It’s no use going out into the wilderness if you don’t come back.
Read this quick guide on basic camp safety to learn tips, tactics and resources to stay safe when you’re out there.
With a little information, you’ll be better prepared for your next camp or hike.
Seeing a bear on the trail is equal parts terrifying and exhilarating.
Staying safe is the most important thing.
While bear encounters happen often, bear attacks are relatively rare.
A few guidelines and resources to stay safe in bear country:
Many people encounter bears, few are attacked. But it does happen.
Also known as mountain lions, pumas and panthers.
Encounters with these big cats are even rarer than bear encounters. But the same principles apply.
Make your presence known and they will almost always avoid you.
Hypothermia and heat stroke are dangerous but avoidable.
Follow these tips to avoid cold weather trouble before it starts.
Keep an eye out for these signs, both for yourself and for other campers.
During the later stages of hypothermia, a person no longer feels cold, and death can result. See the signs before it gets to that point.
If you notice any of the above signs, do something about it immediately.
Possible treatments include:
Stay cool by wearing the right clothes and hiking at the right times of day.
Keep your eyes out for any of these signs among people in your group.
They could be signs of heat exhaustion:
If you notice any of the above signs of heat stress, it’s time to do something about it.
Hypothermia, heat exhaustion and heat stroke can be deadly.
Wear the right gear, stay hydrated and know the signs. Act immediately to keep yourself and your fellow campers safe.
The 2 major dangers from campfires are the possibility of wildfire and burn injuries to campers.
Stay safe from both with the guidelines below.
Before you go, make sure you know the fire rules in your camping area.
In certain areas and at certain times of year all fires are prohibited.
There’s a good reason for this. Don’t cheat the rules and risk starting a wildfire.
Some areas will not allow campfires but will allow you to use a camp stove. Find out the rules before you go and learn how your camp stove works.
It’s no use to carry a stove to your campsite and realize you’re missing a component to use it safely.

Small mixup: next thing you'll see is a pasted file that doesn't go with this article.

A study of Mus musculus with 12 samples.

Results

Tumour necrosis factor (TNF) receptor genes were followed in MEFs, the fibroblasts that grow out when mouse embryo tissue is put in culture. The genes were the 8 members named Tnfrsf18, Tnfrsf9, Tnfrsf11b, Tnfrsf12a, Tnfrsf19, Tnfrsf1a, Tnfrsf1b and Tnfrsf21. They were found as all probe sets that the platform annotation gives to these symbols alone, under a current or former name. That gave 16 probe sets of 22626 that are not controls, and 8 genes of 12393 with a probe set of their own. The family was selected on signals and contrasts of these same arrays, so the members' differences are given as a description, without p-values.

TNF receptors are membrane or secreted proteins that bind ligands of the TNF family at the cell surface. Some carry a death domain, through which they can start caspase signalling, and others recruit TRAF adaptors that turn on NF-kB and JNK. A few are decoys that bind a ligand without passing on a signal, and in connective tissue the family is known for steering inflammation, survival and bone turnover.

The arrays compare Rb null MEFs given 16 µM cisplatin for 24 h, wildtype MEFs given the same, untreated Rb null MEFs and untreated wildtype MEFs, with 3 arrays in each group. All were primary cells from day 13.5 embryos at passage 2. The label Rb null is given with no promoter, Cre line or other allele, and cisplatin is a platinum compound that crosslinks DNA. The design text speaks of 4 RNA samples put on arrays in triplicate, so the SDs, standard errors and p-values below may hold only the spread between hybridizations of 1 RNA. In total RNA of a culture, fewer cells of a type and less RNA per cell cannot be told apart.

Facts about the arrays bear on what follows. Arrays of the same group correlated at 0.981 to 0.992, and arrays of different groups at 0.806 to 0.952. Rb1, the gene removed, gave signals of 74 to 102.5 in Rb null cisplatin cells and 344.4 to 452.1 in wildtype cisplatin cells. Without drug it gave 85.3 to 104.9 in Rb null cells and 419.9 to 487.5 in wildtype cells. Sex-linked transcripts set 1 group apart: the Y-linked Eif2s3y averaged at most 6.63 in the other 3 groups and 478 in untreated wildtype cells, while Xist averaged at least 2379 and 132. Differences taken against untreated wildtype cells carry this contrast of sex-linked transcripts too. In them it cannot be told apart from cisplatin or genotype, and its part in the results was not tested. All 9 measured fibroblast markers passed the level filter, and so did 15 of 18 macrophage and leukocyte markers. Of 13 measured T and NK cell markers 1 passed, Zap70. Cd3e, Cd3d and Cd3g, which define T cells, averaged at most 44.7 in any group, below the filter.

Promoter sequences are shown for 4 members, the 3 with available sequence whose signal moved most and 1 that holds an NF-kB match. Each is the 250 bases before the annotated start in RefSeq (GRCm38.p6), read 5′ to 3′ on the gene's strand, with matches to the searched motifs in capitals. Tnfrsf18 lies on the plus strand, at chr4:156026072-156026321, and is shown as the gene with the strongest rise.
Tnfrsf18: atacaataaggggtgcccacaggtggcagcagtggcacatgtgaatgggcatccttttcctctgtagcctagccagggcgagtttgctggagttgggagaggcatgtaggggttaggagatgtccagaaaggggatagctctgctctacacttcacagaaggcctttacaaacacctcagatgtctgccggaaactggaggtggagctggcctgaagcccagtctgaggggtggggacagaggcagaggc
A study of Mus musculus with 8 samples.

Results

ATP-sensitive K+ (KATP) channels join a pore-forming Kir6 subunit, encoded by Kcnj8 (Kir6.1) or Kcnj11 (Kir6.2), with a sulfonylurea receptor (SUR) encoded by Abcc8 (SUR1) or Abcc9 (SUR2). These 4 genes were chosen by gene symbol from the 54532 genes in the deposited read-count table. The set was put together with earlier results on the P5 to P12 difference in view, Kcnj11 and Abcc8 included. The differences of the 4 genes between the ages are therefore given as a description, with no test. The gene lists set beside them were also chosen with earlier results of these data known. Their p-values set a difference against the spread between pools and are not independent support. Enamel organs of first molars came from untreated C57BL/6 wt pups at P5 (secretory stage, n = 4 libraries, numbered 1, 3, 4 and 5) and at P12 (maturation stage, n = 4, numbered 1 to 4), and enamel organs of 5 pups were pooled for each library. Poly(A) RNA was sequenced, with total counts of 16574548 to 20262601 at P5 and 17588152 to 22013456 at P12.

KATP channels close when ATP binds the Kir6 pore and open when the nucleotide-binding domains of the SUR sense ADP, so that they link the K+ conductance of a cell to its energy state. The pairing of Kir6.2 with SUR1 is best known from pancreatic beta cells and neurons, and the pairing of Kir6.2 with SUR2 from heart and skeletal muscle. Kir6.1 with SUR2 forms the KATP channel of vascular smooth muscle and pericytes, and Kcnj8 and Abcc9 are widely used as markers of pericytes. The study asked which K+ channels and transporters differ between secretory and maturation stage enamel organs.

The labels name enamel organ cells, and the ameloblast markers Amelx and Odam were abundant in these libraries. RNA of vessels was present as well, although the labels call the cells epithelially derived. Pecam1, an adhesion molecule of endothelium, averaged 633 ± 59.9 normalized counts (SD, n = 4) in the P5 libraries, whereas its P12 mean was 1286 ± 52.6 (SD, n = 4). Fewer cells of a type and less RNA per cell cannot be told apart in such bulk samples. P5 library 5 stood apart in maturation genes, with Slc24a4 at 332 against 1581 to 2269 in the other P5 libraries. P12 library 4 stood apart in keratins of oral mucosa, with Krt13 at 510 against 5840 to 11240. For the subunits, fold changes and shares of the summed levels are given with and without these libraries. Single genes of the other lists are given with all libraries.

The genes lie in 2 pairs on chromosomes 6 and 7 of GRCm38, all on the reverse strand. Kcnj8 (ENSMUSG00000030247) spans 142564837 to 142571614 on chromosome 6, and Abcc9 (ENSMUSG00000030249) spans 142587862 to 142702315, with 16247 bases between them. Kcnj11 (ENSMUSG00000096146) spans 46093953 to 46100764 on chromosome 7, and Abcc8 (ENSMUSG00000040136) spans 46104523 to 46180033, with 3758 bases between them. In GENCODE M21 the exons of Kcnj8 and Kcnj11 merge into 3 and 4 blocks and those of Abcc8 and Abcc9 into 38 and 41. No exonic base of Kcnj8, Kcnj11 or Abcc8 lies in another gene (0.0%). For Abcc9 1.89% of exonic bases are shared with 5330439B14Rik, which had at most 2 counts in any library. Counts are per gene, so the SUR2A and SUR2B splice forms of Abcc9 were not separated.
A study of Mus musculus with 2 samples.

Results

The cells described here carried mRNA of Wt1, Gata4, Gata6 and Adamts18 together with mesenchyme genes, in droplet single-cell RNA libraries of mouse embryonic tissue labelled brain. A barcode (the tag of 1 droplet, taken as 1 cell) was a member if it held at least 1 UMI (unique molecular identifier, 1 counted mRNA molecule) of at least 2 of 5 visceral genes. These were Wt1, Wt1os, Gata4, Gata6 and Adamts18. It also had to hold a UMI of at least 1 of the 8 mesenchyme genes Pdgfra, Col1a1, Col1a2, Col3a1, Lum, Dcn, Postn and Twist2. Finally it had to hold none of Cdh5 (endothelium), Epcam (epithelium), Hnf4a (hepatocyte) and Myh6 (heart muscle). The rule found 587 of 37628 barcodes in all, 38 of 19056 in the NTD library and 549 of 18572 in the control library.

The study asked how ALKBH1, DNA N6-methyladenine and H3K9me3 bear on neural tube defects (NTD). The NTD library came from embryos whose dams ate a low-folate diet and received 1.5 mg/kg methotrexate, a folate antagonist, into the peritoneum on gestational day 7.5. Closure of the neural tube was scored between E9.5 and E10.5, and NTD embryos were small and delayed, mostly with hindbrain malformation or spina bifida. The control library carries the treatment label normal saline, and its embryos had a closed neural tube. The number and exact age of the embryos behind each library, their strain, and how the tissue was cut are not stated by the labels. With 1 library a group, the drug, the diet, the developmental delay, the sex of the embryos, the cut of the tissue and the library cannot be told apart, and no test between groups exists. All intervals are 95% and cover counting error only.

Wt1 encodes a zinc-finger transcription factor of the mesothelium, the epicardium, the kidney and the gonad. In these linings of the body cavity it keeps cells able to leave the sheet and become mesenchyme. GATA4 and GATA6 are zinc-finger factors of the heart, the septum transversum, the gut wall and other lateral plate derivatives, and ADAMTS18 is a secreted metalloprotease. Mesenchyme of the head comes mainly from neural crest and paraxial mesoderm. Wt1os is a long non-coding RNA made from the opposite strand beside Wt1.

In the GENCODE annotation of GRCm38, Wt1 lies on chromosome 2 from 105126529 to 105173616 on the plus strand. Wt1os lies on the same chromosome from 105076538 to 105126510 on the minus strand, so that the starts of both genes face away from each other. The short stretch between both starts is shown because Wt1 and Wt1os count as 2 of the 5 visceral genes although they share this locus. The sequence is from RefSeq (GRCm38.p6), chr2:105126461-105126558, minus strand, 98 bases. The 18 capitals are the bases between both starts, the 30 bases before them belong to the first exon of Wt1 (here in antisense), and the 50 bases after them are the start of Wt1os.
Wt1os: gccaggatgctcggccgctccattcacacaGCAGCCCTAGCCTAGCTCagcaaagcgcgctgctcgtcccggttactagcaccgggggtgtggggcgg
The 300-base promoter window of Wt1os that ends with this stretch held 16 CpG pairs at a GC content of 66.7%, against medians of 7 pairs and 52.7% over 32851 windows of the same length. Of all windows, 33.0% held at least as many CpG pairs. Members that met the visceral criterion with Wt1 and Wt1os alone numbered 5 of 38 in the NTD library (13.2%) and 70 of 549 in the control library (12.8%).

If you do light a campfire, make sure it is fully extinguished before you bed down for the night and before you leave the campsite.
To make sure it’s out:
Use the same precautions with your camp stove as you would with a campfire. Don’t burn when extremely windy.
Clear the area around the fire from all flammable debris (leaves and twigs) and never use any fire in or near tents or hammocks.
Stay safe from burns by using extra awareness around fire.
Keep the area around your campfire free of trip hazards.
Take a look at your campsite.
Does a natural traffic pattern (like from the tent to the picnic table) cross near the fire? Consider moving the tent so campsite traffic flows around and not across the fire area.
When bringing a camp stove, make sure you know how to use it before you head out. Most injuries happen when changing the canister. Read your instructions so you know how to do it right.
Before lighting your stove, check for leaks that may have developed in transport.
Campfires (and hot food from camp stoves) are part of the fun of camping.
Respecting fire and taking extra care around it will keep you and the wilderness around you safe.
Should you ever lose your way when camping or backpacking, it will be 1,000 times easier to find you if rescue workers know where to look.
This is why you absolutely have to leave checkin information with friends, relatives and/or park officials.
Even if you think it will just be a short trip, even if you are car camping. Storms, vehicle failures, dead cell phones — any number of things can happen.
You are much safer if you tell people your plans.
GPS devices are excellent tools. Learn to use your particular model and be sure the map of the area you’re exploring is downloaded onto your device before you go (in case you don’t have a signal).
Just remember, electronic devices can die or become damaged.
If you’re backpacking, you might also consider getting a satellite communicator. It’ll keep you in touch with the folks back home and can be used to signal for help should the need arise.
Carrying a basic first aid kit is a good first step.
Knowing basic first aid is a good second step.
To really stay safe out there, consider taking a course on wilderness first aid offered by the Red Cross, a local store, or your local community college.
Not only will you know what to do in an emergency, that knowledge will help keep you calm. A level head improves the outcome of any difficult situation.
Hopefully no calamity will strike and you can simply enjoy your time camping and hiking in the great outdoors.
Being prepared, avoiding danger and knowing what to do will set your mind at ease and make the time you spend in the wild significantly more satisfying.
How about you? Is there anything we missed? Any tips you have for camping safety?
We’d love to hear about it!
After spending 5 years testing gear, meeting people and exploring his home state of Colorado with his wife, Andrej realized something about the outdoor industry. Mostly, that it was complicated. Andrej set out to create no-nonsense gear that was just as easy to use as it was reliable. He recruited a team of wilderness professionals and educators and hit the drawing board. The result was simple gear that you could trust, with specs you understood. Now he’s inspiring others to get out there and explore, by giving them the confidence to trust both themselves and the gear they use.